In terms of instilling the values of mental toughness and work ethic, discipline is the gift that keeps on giving.
All coaches preach it. All athletes know they need it. But why does it allude 95% of the population? Is it genetic? Is it how you were brought up by your parents. Maybe you were coddled as a child growing up. Maybe you were given everything without earning it. Maybe you just don't have what it takes. Or maybe you make excuses whenever someone asks you a tough question where you have to be honest with yourself. Maybe you make blame people in your life where you are at today. Maybe you feel like if only the world were more how thought it should be, things would be different. I'd venture to those of you reading this that you were at one time, or maybe right now, have felt like this. Feeling mad at the world, mad that your parents didn't push you, mad that the other guy got the starting spot, mad that you didn't get noticed. We all have. But how long are you going to be a little kid, blaming everyone else for where you are at. We are the story we tell ourselves. What story do you tell yourself?
Displaying mental toughness is a habit. Discipline is a habit. Everything from flossing your teeth to hitting every rep to getting quality sleep contribute to your total discipline. D
Discipline is cumulative. Every time you do the thing you know you should, your discipline muscle gets stronger. Every time you use an excuse, your excuse muscle gets stronger. Make excuses enough, and it's nearly impossible to dig yourself out of the hole YOU created. The same can be said about practicing discipline. Forget to practice your discipline? Those who have built up their immunity against excuses will vow to learn from their forgetfulness, without judgement, and move on to the next play.
How Can We Cultivate Mental Toughness?
The formula is incredibly simple. It's laughable. It's so simple a 5 year old would understand it fully in 5 minutes. If it's so simple, how do 95% of the population fail at cultivating mental toughness?
Ok, I get it. The formula is simple, but now, tell us. Ok, here it is.
Each Moment + Overcoming Mind Telling You to Quit = +1 Mental Toughness
Breaking it Down
Each moment, each time you are feeling like stopping and you overcome this chatter, you add to your mental toughness reserve. For some of you, you are in the negative and it will take a while. For example, you sit down to study and 5 minutes in your Mind tells you to quit, to start something else, to watch TV, to go on Facebook. But, you say screw that and overcome this attempt at taking you off course. This adds to your mental toughness. Now, some tasks are menial like flossing your teeth and cleaning up after yourself but it adds up every day.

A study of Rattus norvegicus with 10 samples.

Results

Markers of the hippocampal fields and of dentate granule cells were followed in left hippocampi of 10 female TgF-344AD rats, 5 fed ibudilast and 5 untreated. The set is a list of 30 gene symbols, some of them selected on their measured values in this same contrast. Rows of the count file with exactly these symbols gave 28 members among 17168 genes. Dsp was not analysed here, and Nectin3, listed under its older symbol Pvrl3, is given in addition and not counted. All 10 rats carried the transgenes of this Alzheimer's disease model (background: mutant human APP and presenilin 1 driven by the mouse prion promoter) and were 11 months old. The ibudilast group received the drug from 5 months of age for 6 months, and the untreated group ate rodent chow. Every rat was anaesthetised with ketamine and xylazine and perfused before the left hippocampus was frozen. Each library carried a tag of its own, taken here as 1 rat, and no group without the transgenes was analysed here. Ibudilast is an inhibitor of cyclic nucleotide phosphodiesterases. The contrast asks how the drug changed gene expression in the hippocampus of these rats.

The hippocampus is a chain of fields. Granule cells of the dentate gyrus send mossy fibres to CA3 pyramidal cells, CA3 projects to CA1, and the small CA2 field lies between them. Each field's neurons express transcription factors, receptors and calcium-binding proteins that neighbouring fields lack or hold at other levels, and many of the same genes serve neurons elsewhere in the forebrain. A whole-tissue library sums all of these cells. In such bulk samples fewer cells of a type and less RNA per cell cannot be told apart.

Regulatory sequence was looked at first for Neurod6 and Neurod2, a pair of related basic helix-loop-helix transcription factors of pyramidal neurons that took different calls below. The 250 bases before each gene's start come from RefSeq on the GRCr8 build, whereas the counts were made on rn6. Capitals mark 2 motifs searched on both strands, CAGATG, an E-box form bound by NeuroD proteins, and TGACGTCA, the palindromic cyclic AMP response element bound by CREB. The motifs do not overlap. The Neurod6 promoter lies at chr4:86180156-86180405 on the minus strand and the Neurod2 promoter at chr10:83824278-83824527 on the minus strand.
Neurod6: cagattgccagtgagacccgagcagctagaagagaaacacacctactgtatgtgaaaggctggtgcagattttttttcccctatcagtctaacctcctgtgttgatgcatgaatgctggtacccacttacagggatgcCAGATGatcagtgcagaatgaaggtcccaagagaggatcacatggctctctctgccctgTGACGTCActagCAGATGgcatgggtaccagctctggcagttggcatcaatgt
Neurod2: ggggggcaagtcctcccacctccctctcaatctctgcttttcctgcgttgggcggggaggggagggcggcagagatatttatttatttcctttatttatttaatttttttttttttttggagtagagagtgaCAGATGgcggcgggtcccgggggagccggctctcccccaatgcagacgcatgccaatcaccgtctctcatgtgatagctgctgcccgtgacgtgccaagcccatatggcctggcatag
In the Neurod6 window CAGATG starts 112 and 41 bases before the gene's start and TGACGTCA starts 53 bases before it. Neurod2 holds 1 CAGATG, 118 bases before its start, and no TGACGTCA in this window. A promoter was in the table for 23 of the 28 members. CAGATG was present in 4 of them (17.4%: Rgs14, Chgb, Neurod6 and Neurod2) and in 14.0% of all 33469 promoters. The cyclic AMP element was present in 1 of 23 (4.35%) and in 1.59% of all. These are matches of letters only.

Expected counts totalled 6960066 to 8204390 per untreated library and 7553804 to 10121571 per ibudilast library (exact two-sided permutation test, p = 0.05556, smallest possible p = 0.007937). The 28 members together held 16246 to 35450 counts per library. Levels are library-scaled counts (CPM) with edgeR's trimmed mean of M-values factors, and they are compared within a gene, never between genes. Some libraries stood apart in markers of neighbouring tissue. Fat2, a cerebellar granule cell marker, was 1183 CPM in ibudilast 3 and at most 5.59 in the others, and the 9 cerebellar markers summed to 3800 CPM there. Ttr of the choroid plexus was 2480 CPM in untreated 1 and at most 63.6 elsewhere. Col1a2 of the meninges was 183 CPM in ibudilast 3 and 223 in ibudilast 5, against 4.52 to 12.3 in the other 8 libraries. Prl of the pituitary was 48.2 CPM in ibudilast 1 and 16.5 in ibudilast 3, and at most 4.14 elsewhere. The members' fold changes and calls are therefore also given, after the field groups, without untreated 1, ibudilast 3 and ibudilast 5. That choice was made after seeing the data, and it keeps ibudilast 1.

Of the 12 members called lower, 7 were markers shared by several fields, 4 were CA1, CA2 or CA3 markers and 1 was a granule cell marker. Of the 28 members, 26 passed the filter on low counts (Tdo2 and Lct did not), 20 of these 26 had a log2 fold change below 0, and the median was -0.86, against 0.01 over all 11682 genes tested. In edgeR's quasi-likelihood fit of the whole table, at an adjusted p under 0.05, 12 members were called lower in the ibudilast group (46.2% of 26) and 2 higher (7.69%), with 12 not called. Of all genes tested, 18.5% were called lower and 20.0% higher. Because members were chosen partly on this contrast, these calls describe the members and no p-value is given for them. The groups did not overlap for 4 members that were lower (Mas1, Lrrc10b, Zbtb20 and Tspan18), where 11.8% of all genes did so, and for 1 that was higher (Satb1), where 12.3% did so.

One more example is more relatable to a lot of you. This involves training, fitness, and living healthy. It's easy to get jacked up and excited about starting a new program, a new diet, a new lifestyle. But anyone can start something. Sticking to it day after day even when the Mind starts to tell you it's ok to stop, that one day won't hurt and it's only 1 box of girl scout cookies is precisely how you add to your mental toughness. Overcoming these Mind obstacles every day adds to your reserve. Pretty soon, you are a indomitable spirit. You are a HOGG.
So how does this relate to the HERO'S JOURNEY?
You may very well be on the Road of Trials. This Road is not easily crossed. Not easily traveled. But, overcoming the Mind and listening to the heart, your gut, your balls--whatever you want to call it will lead you closer. I'll leave you with an inspiring story about Bruce Lee and a friend of his.
Bruce had me up to three miles a day, really at a good pace. We’d run the three miles in twenty-one or twenty-two minutes. Just under eight minutes a mile [Note: when running on his own in 1968, Lee would get his time down to six-and-a half minutes per mile].
So this morning he said to me “We’re going to go five.” I said, “Bruce, I can’t go five. I’m a helluva lot older than you are, and I can’t do five.” He said, “When we get to three, we’ll shift gears and it’s only two more and you’ll do it.” I said “Okay, hell, I’ll go for it.”
So we get to three, we go into the fourth mile and I’m okay for three or four minutes, and then I really begin to give out. I’m tired, my heart’s pounding, I can’t go any more and so I say to him, “Bruce if I run any more,” –and we’re still running-”if I run any more I’m liable to have a heart attack and die.” He said, “Then die.” It made me so mad that I went the full five miles.
Afterward I went to the shower and then I wanted to talk to him about it. I said, you know, “Why did you say that?” He said, “Because you might as well be dead. Seriously, if you always put limits on what you can do, physical or anything else, it’ll spread over into the rest of your life. It’ll spread into your work, into your morality, into your entire being. There are no limits. There are plateaus, but you must not stay there, you must go beyond them. If it kills you, it kills you. A man must constantly exceed his level.”